There's almost an aura about the Hawkeyes this year. If Hayden Fry brought the team out here and put them in a tunnel until the game, the fans would say OK. They believe in Fry and think he should do whatever it takes to win the Rose Bowl.
--Tom Smallwood, University of Iowa, Class of 1963
Although he now lives in Milwaukee, Tom Smallwood is not likely to forget the drubbing his Hawkeyes took when they played the University of Washington in the 1982 Rose Bowl. Neither is any other Iowa football fan. It was Washington 28, Iowa 0.
To make matters worse, 1982 was the first time Iowa had been the Big Ten conference's representative here on New Year's Day in 23 years, and the shutout disconcerted team, school and state.
But, today, against UCLA, Iowa has a chance to rectify that loss, and this time, Hawkeye fans say, things will be different.
"I think the Iowa players were somewhat embarrassed out here in January, '82," said Smallwood, a Milwaukee attorney. "Particularly Hayden Fry. I think they felt sort of like hayseeds being exposed to the glitter and not being able to handle it. That really wasn't the case, but the perception of them was as farm boys. So, they're taking a different approach this time. They're a better team this year, too."
Coach Hayden Fry's 1985 road to the Rose Bowl has been a no-nonsense one.
He brought the Iowa team to Los Angeles only a week before the game, instead of coming for the customary two weeks, and has kept his players under lock and key at the Industry Hills Sheraton in what he called "Operation No Frills." Pre-Rose Bowl, the media was granted only one interview session, for 30 minutes last Friday.
Smallwood called Hayden Fry "a great psychologist" in his approach to football at the University of Iowa. "He's got the boys on a different mental tack now," he said. "And the fans, too. No Iowa fan I've spoken to thinks Hayden Fry does anything wrong. He could run for governor and win. It's kind of like (the late) Bear Bryant was in Alabama, only Bryant had competition from other colleges. As far as Iowans are concerned there's only the Hawkeyes. Iowa State's football is mediocre."
On a more serious note, Smallwood said that the Hawkeyes winning season (10-1) and berth at the Rose Bowl is serving as a bright spot for the entire state, plagued by numerous farm foreclosures in the past few years.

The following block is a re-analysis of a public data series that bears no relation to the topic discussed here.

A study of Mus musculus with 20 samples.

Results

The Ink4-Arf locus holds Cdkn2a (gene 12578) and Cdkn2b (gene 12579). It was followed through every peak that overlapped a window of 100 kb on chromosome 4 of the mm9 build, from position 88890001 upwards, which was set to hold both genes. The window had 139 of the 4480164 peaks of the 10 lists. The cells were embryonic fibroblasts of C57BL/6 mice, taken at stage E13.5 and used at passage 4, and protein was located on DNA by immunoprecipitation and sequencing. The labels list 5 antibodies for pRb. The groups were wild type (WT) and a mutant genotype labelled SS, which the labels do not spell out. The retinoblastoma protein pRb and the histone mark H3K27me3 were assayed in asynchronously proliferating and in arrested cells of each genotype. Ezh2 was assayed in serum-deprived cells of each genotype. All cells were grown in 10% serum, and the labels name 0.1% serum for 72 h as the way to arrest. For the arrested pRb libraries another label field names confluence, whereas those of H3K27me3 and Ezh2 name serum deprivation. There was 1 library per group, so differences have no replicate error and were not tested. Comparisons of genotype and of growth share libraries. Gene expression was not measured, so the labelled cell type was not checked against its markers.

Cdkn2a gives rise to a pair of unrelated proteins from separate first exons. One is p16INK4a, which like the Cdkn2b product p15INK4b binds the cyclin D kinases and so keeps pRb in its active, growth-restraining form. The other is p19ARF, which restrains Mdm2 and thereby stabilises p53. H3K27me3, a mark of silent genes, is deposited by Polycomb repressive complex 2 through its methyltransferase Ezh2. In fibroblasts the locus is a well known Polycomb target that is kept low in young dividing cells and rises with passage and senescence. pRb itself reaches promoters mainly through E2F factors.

"The team is like an antidote for a very sick state," Smallwood said. "It's like the Depression in the 1980s. Thousands of people have lost their farms. And the team is a bright spot for them to look at. There's a sense of pride for the state. Almost a sense of ownership in the team for the people."
"We understand what Hayden Fry wants to do," said Elaine Mulherin, a high school English teacher from Cedar Rapids, Iowa, who came for the Rose Bowl with her sister, Mary, a retired executive secretary. The Mulherins brought a big box of Iowa cookies with them to hand out at the game. Each cookie was decorated with slogans, "Go Hawks" or "We're Long on Iowa." The latter refers to All-America Iowa quarterback Chuck Long, who turned down a professional football contract to play one more year of football at Iowa.
'It Was Terrible'
"The last time the Hawks were here, they didn't concentrate on football," Mulherin added. "They just had a good time. Everybody remembers that. I wasn't here at the game, but if I had been, I would have been embarrassed. It was terrible."
Mulherin said that Coach Fry was so serious about keeping the team under wraps until kickoff time that he wouldn't permit Iowa sportscasters to interview the players at the airport in Cedar Rapids before they left for California.
Other Iowa fans seem to share Fry's view as well.
"Hayden Fry can do just about anything he wants in Iowa, I suspect," said Iowa alumnus Bryan Bailey, who now lives in Brandon, S.D., and works for the U.S. Geological Survey. Bailey came for the Rose Bowl with his wife, JoAnn, also a graduate of the university, and sons Chad, 8, and Jonathan, 6.
"I respect Fry, and he's got his head together," Bailey said. "It's been said by others that the team is kind of a rallying point for the state, and I think it is."
"We're out here to win a football game and we mean business," said Bob Laughrige, an Ottumwa, Iowa, banker here for his first Rose Bowl game. "Coach Fry thinks the players should have their minds on football and winning. They can go to Disneyland later."
The Only Game in Town
Laughrige and his wife Joan pointed out that for Iowans, Hawkeye football "is the only game in town."
"You have to remember that University of Iowa football is the only thing going in Iowa as far as sports are concerned," said Laughrige. "We don't have any professional teams."
"We were embarrassed four years ago," said Dr. Richard Dohrmann, an oral surgeon in Sioux City, Iowa, who flew to California for the Rose Bowl with a dozen friends. "If Fry thinks that's what it takes to win, then we're all with him. Economically things are absolutely the pits in Iowa. I don't pretend to know all of the farmers' problems, but you can see guys every day losing the farm that's been in their families since the turn of the century. It's a bad situation, so the team is a real boost for Iowa.
"Chuck Long turned down a million dollars to stay at Iowa and come to the Rose Bowl," Dohrmann continued. "I think the team is with him. And the fans certainly are."